Stephen Moore

January 13, 2021

1 Min Read
Autonomous Driving

The growing trend toward electric vehicles is spurring material suppliers like Polyplastics a leading global supplier of engineering plastics based in Japan, to position its resin products for use in advanced driver-assistance systems (ADAS) components that enable autonomous driving. The company’s Duranex polybutylene terephthalate (PBT) and Durafide polyphenylene sulfide (PPS) materials — targeted for sensors in radar and camera bracket systems — show great promise in delivering low warpage, dimensional stability, and low dielectric constant. 

In radar housings, manufacturers seek materials with low dielectric constant, stable radio wave transmissibility, and low water absorption. The market has been employing syndiotactic polystyrene (SPS) and polyetherimide (PEI) for dielectric properties, and PPS for low water absorption and chemical resistance. To meet cost challenges, manufacturers have started to incorporate PBT into their designs.

Polyplastics reports that water absorption has little effect on Durafide PPS 1140A6, but some impact on Duranex PBT 330HR. As a result, Polyplastics is working on the development of new PBT grades with enhanced low-dielectric properties and low water absorption.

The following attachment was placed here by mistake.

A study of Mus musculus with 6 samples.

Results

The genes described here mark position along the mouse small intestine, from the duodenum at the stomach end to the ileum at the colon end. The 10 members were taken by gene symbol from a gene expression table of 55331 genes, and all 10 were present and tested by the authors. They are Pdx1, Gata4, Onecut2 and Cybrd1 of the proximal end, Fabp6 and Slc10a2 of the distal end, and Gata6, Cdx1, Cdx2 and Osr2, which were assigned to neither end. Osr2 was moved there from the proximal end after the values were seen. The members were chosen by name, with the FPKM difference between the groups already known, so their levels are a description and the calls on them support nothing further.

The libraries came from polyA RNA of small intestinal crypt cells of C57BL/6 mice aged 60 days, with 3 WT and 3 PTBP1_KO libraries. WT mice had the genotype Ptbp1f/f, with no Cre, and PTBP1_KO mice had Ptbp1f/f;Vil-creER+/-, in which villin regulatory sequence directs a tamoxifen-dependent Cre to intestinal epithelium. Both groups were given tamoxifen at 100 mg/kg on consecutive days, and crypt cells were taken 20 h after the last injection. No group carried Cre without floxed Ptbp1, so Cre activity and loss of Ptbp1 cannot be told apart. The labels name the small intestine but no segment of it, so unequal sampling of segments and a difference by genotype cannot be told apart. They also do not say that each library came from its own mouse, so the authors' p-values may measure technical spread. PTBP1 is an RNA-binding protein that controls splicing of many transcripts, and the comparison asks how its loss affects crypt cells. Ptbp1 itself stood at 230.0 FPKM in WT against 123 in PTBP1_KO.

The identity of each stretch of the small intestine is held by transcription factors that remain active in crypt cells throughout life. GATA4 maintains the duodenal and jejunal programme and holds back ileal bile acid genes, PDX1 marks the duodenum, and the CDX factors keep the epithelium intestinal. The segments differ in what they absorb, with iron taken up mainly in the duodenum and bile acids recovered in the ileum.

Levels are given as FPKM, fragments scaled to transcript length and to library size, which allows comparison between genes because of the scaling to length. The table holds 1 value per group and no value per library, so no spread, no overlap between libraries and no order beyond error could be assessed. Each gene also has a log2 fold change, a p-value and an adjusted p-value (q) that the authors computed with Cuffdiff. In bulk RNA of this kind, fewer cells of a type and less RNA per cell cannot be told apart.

For the radar bracket itself, electromagnetic wave shielding properties are needed to protect against unnecessary reflected waves. Polyplastics’ electrically conductive grades, Duracon POM CH-10 and EB-10, and Duranex PBT 7300E, are all being actively considered while new PBT grades with stronger electromagnetic wave shielding properties are under development. 

For car-mounted, sensing camera brackets, low-warpage and high-rigidity materials like Duranex PBT 733LD and 7407 are generally preferred. The company has also developed matte technology which uses a laser treatment to reduce noise (scattered light). The laser treatment results in favorable gloss and blackness levels. Polyplastics will continue to explore long-term durability and different process conditions to reduce treatment time.

About the Author(s)

Stephen Moore

Stephen has been with PlasticsToday and its preceding publications Modern Plastics and Injection Molding since 1992, throughout this time based in the Asia Pacific region, including stints in Japan, Australia, and his current location Singapore. His current beat focuses on automotive. Stephen is an avid folding bicycle rider, often taking his bike on overseas business trips, and is a proud dachshund owner.